The poem, A dialogue between the Soul and Body by Andrew Marvell contains vivid and concrete imagery, and makes use of a number of conceits imagery, and metaphysical kind. In fact, the very basis of the poem is the metaphysical kind. In fact, the very basic of the poem is the metaphysical concept that the Soul and the Body are separate entities. The body feeling itself to be a victim of the Soul tyranny, and the Soul believing itself to be a prisoner inside the Body are metaphysical conceits.
- In the opening speech, we have a graphic picture of a prisoner being held in chains and fetters, and about to be hanged on the gallows
- In the second speech, we have a vivid picture of the Body going about like a walking precipice.
- We have the vivid picture of a ship nearing its destination but getting wrecked just when its close to the harbor.
- In the final speech we have a series a vivid pictures describing the physical manifestation of the emotions experienced by the soul.
Marvell structures the poem in the form of a debate between the Body and the Soul, creating an aggressive, combative tone. There are 4 stanzas, and each section is divided into 10 lines with a repeating rhyme scheme (AA. BB. CC. DD) which adds to this TONE by creating a melodic, conversational flow.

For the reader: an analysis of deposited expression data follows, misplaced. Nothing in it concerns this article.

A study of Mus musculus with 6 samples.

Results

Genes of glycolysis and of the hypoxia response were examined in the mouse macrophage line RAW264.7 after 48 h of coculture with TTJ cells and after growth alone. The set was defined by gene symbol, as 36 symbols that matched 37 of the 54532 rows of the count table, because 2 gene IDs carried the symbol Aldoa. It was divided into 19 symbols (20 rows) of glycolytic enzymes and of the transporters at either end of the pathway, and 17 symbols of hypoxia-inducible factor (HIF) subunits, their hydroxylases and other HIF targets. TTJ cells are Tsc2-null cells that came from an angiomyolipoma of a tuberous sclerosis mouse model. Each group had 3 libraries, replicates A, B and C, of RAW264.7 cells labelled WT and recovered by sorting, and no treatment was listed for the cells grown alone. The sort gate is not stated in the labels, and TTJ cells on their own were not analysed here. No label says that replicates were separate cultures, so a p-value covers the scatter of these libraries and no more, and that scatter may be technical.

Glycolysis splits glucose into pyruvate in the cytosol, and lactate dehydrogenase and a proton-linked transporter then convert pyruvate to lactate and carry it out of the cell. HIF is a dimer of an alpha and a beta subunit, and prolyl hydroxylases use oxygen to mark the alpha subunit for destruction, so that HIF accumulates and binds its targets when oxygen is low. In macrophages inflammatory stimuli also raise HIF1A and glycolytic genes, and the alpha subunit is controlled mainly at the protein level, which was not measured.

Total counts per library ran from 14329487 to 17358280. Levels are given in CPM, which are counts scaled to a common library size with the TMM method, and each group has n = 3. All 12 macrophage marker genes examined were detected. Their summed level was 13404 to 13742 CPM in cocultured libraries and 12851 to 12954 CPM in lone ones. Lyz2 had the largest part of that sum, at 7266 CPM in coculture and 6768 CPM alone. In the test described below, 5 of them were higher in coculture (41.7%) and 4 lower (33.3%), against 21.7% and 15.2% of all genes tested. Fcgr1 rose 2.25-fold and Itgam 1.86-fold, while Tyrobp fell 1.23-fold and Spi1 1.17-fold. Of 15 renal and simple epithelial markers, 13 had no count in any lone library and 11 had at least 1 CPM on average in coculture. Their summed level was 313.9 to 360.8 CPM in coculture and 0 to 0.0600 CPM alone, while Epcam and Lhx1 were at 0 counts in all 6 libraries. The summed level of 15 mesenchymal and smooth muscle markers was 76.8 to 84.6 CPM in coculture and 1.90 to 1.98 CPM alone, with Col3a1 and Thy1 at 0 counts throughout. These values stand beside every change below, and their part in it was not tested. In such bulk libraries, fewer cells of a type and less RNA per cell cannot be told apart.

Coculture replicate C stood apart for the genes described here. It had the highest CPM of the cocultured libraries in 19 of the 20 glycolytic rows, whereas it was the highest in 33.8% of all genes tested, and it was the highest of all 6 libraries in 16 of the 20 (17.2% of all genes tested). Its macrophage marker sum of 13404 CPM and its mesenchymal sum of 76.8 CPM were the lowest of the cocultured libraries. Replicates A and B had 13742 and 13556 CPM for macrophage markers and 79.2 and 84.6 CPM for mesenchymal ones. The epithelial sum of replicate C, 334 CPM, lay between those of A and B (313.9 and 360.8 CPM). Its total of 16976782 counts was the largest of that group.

Andrew Marvell was born in Winestead-in-Holderness, Yorkshire, where his father was rector. When his father became Master of the Charterhouse (an almshouse) and lecturer in Holy Trinity Church in 1624, the family moved to Hull. He attended Hull Grammar School, then Trinity College, Cambridge where he had two poems printed in the Musa Cantabrigiensis in 1637 and 1638, one in Greek, the other Latin. He received his BA in 1638, but abandoned his MA studies on his father’s accidental death by drowning in 1641. He then travelled abroad in France, Holland, Switzerland, Italy and Spain between 1642 (21) and 1646, and in 1650 became tutor to Mary Fairfax (later Duchess of Buckingham), the twelve year old daughter of the retired Lord General Thomas Fairfax. It was during his time at the Fairfax’s Nun Appleton House that he wrote most of his English lyric poetry, including To His Coy Mistress. By 1653 he had met and befriended John Milton, who recommended him for government employment. No post was offered at this time, however, and he became instead tutor to Cromwell’s nephew, William Dutton. In 1656 he was in Saumur in France with Dutton, at the Protestant Academy. He became assistant to Cromwell’s Secretary of State in 1657, retaining the office until early 1660. He died suddenly of a fever in 1677. His poetry was published as Miscellaneous Poems posthumously in 1681, brought to print by a Mary Palmer, who claimed to be his wife. Though she succeeded in acquiring the administration of his estate, no other hard evidence has been found to support her claim that they were in fact married.